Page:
Friday, March 3, 2017

Sword Types and Describing Them

Type of sword? BIG!
As is often the case with some of these more detailed entries, a discussion about the term “broadsword” (which isn't really a kind of sword) kicked this one off into high gear.  As usual, this is a fleshed out and more fully developed entry that touches on the typology of swords, and using them in writing.

Anymore, I shy away from calling a sword anything but a sword.  As a young author, I used various terminology, and used it wrong.  Worse, breaking out swords in your fantasy world by terminology is something of a crutch (whether you know it or not), which lets you get away with not accurately describing a sword or other weapon.

Let’s boil this down into simple terms.  Swords are tools, and as such, weren’t categorized by their users and owners until academic study came along (see Oakeshott typology). For comparison, the English longbow wasn’t called anything but a “bow” or a “war bow” because it was just another tool in the army’s arsenal. The greater majority of swords were essentially “mass produced” anyhow, and not of great quality. They were handed out as needs dictated, just like modern armies equip their soldiers, and intended to be returned after they were done being used (or collected from the field from the cold, dead corpses).  As discussed previously, the sword was actually a secondary weapon—spears and later polearms were the mainstay of any decent army.  If you were of higher rank and wealth, you’d have a sword made, and then it would be higher quality, individualized for your needs (based on region and your requirements of length and whatnot), and likely you’d have at least two made (one long and one short) along with customized armor, etc.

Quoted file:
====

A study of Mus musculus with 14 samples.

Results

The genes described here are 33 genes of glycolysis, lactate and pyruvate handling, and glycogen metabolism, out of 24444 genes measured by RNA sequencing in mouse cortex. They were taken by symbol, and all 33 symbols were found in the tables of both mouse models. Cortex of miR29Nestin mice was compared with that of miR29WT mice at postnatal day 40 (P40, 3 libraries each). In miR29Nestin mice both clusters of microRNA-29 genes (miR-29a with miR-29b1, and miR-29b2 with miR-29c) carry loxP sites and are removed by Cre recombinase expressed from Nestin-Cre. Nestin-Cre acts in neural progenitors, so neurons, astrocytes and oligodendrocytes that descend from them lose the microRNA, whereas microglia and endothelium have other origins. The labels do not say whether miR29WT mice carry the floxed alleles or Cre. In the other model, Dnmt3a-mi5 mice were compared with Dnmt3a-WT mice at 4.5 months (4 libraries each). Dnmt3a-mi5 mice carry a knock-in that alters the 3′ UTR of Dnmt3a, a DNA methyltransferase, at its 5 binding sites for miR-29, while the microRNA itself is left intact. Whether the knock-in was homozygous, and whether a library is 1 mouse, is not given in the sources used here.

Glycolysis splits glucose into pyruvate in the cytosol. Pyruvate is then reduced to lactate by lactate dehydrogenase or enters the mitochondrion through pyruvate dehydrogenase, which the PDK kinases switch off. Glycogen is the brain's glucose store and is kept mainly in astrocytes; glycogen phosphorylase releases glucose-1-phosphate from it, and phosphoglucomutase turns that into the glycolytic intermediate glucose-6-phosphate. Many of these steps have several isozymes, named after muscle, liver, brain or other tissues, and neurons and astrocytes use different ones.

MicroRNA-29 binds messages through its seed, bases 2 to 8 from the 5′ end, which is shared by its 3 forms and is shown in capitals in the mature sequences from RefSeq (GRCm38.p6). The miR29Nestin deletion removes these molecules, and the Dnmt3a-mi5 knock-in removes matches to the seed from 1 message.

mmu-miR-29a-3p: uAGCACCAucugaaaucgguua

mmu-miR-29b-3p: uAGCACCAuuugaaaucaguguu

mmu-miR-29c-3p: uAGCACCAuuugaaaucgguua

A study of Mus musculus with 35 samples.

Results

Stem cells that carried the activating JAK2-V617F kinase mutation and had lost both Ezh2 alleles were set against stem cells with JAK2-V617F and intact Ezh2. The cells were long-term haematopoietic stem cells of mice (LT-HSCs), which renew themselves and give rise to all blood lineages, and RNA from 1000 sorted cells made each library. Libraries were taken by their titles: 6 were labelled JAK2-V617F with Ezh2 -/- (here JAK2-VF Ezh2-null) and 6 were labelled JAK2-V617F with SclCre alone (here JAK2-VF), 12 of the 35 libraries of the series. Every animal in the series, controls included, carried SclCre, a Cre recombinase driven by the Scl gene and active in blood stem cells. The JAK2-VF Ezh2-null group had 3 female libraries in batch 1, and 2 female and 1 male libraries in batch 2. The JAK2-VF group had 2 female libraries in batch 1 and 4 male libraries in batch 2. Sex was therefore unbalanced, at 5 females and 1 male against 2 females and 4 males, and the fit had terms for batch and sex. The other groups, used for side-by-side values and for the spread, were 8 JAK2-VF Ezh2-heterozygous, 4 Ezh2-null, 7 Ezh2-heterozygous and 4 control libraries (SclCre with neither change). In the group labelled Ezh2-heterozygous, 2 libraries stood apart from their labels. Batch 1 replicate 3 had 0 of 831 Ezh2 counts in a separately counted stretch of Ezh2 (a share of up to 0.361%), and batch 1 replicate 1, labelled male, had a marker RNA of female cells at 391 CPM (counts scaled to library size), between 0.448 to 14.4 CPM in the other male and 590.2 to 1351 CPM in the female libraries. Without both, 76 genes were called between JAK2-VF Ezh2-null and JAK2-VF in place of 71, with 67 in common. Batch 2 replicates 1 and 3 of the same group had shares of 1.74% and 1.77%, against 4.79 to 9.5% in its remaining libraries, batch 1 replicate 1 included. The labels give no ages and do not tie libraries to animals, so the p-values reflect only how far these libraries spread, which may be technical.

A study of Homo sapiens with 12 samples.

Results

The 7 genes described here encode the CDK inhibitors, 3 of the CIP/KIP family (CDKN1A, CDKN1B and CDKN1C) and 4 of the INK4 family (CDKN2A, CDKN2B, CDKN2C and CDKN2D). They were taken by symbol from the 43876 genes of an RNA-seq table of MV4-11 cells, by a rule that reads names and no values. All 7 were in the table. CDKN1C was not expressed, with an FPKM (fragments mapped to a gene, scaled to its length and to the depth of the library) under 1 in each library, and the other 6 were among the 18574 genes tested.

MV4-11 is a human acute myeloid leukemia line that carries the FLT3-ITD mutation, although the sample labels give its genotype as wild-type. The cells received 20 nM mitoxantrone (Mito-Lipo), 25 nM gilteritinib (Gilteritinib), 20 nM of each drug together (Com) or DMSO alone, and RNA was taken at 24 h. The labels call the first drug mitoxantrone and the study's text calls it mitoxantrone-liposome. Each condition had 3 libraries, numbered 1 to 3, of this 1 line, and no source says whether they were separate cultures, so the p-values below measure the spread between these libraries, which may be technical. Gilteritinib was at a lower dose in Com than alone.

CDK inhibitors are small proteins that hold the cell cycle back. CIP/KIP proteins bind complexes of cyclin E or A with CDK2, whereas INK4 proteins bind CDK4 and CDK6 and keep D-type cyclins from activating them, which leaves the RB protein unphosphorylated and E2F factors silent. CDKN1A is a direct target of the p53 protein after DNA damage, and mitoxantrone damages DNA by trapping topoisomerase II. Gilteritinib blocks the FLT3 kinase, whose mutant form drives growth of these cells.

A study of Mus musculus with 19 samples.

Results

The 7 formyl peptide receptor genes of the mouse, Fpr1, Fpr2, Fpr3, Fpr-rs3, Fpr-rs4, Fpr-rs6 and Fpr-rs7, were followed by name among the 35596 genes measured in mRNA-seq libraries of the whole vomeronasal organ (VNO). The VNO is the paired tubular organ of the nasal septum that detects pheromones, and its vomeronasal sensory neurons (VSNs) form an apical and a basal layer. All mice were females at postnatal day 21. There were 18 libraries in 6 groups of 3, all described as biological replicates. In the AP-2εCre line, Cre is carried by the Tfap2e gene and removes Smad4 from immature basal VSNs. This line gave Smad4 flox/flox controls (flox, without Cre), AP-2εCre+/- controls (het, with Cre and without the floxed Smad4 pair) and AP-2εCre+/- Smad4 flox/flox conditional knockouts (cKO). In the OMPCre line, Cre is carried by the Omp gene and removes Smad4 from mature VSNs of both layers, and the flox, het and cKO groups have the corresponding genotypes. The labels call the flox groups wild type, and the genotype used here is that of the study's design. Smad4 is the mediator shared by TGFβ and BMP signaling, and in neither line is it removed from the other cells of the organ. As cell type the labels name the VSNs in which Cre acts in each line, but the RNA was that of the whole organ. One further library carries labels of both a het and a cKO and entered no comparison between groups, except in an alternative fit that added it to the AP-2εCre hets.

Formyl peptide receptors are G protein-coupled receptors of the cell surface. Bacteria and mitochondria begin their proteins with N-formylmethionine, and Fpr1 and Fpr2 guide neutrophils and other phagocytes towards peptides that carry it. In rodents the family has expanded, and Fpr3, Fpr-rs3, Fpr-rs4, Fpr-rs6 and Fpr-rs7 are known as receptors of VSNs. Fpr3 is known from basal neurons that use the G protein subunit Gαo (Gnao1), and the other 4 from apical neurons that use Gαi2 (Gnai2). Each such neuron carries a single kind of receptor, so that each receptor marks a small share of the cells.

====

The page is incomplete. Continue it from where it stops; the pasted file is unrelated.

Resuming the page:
There are plenty (hundreds) of books that go into the typology of swords, and all the various bits and pieces . . . which most soldiers/warriors simply didn't know or care about.  They wanted a good blade that would spill their enemy's blood while keeping their own safely inside where it belonged!  If you'd really like to get into the proper naming terminology, the following video is a decent enough primer to get started:

These days, because I know more (or enough to be dangerous to myself) unless a character’s sword is significantly different from others (like the film Conan sword), or the type of sword (due to historical considerations) is reasonably unknown to most audiences (or both, like the falcata in Tears of Heaven), I leave it mostly up to the reader’s imagination, and stick to “sword” or “short sword” designations.  This allows the reader to come up with their own version of what kind of weapon the character is using, which generally lends to a more “realistic” experience for the audience.